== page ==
Here are the stories our D.C. insiders are talking about in this week's "Inside Politics" forecast, where you get a glimpse of tomorrow's headlines today.
1. Pruitt scandals piling up
There's yet another spending scandal for EPA Administrator Scott Pruitt. Newly released agency documents showed his staff ordered a set of 12 fountain pens for more than $1,500, plus a set of journals that cost more than $1,600.
Pruitt has already been under fire for lavish taxpayer-funded travel and for spending $43,000 on a sound-proof phone booth for his office.
"We've had months and months of stories about Scott Pruitt," Washington Post reporter Josh Dawsey said. "And some of these investigations seem to be coming to a head. But so far the President has stood resolutely behind his embattled EPA administrator."
Dawsey said President Trump likes Pruitt because of how well he's done dismantling President Barack Obama's environmental record. "But I don't know how long that can last," Dawsey said.
2. Showdown over Dreamers
House Republicans' long-awaited showdown over immigration may erupt this week.
Politico's Rachael Bade reports that a handful of GOP moderates want to force a floor vote by Thursday on protecting Dreamers, which they can do with a so-called "discharge petition" signed by a majority of House members. They're just a few GOP signatures short of that.
Conservative House Republicans want to kill anything they regard as "amnesty." Speaker Paul Ryan says that's a bad idea. Bade reports Ryan wants to reach a deal with the two rival GOP factions that would avoid a vote.
"They know it would look terrible if a bipartisan bill supported mostly by Democrats passes the GOP-controlled House," Bade said. "But conservatives are unwilling to give moderate Republicans what they want -- which is a pathway to citizenship for Dreamers. And without that, the moderates say 'we're going to work with Democrats and go around you guys.'"
3. Human rights at a North Korea summit?
Human rights groups say the North Korean government is one of the most repressive regimes in the world, a totalitarian state that runs huge labor camps for political prisoners and executes anyone who crosses Kim Jong Un.
But that doesn't mean the US plans to bring this up at the North Korea summit, if it happens.
"President Trump said this week when he met with a top (Korean) official that human rights didn't come up," Associated Press reporter Catherine Lucey said. "We know that his priority, obviously, is a nuclear deal. And he's not the first US president to focus on that. But we've heard from lawmakers and human rights activists who are pushing for this not to be completely discarded as part of these talks."
4. California Democrats are nervous
Californians head to the polls Tuesday to vote in a primary election that's unlike any other in the nation. Instead of separate Democratic and Republican primaries, voters will pick from a single ballot with the top two finishers advancing to the general election -- regardless of party.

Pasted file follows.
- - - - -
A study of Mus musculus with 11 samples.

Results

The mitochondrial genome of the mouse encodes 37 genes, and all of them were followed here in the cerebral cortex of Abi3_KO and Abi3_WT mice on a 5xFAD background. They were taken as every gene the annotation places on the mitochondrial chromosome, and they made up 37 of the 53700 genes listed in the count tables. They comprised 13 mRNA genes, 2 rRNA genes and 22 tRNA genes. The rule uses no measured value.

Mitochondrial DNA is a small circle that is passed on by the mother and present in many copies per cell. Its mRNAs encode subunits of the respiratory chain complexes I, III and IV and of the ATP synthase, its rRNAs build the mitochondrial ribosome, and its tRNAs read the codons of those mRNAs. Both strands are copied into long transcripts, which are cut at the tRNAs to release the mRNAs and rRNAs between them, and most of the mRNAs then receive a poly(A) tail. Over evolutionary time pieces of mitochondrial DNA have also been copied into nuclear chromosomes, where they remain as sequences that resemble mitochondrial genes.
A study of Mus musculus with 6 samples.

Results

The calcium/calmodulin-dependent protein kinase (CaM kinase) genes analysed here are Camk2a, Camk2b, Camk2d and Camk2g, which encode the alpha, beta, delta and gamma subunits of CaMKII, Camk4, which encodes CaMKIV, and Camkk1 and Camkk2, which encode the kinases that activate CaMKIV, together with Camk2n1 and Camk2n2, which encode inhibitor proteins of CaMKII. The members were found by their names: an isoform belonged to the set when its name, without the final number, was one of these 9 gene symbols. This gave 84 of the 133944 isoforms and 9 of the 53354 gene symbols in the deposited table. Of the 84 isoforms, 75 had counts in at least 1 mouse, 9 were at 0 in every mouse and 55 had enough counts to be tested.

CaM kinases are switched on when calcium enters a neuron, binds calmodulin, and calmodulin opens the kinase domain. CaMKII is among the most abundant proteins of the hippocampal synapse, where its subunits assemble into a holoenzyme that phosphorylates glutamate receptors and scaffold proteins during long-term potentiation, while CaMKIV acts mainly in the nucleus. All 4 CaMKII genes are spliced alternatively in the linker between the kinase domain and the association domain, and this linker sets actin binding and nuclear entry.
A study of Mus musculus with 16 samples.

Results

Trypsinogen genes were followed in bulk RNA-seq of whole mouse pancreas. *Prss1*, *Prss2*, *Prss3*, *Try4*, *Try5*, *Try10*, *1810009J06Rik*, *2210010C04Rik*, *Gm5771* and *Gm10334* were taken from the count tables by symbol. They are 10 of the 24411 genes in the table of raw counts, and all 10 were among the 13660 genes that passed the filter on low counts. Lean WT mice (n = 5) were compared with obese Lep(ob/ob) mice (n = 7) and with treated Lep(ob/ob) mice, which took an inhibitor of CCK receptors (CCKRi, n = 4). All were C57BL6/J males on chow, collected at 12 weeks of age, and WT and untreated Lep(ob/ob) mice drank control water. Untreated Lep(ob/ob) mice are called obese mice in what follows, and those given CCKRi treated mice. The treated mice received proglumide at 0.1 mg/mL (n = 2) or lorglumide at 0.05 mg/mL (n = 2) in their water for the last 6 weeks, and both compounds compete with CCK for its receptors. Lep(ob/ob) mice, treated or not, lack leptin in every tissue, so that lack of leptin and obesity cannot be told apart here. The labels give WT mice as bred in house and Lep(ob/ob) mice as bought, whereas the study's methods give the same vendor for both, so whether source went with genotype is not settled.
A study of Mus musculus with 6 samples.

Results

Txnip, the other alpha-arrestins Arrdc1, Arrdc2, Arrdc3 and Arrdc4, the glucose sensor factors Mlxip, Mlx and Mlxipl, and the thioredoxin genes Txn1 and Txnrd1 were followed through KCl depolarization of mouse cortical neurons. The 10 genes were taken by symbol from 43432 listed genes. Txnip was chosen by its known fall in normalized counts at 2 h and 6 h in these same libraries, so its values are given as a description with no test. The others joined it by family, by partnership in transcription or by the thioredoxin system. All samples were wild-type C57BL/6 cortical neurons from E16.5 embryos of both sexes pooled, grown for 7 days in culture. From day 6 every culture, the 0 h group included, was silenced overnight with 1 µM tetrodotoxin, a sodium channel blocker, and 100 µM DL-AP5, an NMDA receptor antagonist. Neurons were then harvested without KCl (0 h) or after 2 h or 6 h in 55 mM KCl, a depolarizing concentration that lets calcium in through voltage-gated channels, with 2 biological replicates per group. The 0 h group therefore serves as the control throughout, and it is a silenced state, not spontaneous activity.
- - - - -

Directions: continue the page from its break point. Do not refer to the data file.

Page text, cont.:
That presents a complicated math problem for Democrats in House districts they think they can take from Republicans -- but only if they have a candidate on the final ballot. Party leaders are worried that there are too many Democrats running in some key districts, meaning they could splinter the vote and fall out of the top two.
CNN's Manu Raju reports there are two seats in particular that worry Democrats -- both currently held by Republicans but that voted for Hillary Clinton in 2016.
"A lot of money has been spent in the last week by Democrats nationally to try to prevent that," Raju said. "If Republicans are successful Tuesday, they will be buoyed in their effort to keep the House. Democrats will say it is not a total disaster, there are other ways to recapture the House. But no doubt about it, a big test on Tuesday."
5. Questions surround McCain's seat
A weekend tweet from Sen. John McCain on immigration is the latest proof he intends to stir big debates even as he remains away from Washington because of his battle with brain cancer, CNN's John King said.
The Saturday tweet closed a week in which McCain's future was front and center.
Under Arizona law, May 31 was the deadline for ordering a special Senate election in 2018. Now, if McCain's seat were to become vacant, the state's GOP governor would name an interim senator to serve the remainder of McCain's term, which runs through 2020.
There was a fresh wave of speculation early in the week because McCain met with the governor just before the deadline. At least one report about that meeting mentioned Cindy McCain as a potential replacement for her husband.
The pushback was swift.
GOP Gov. Doug Ducey said it was a routine meeting, and that any speculation about a McCain successor was both premature and tasteless.
Cindy's McCain's name has come up in recent months as McCain allies talk through scenarios and discuss their hope that a "McCain person" would be named to any vacancy.
"But sources tell CNN Mrs. McCain was not happy at the mention in news reports this past week," King said. "One source familiar with the situation said it was viewed as a 'cheap shot.' A second, also speaking on condition of anonymity because of the sensitivity, acknowledged Cindy McCain's name has come up as a possibility in informal conversations involving McCain allies. But this source said Mrs. McCain cringed at the mention in news reports and had made clear she was not interested."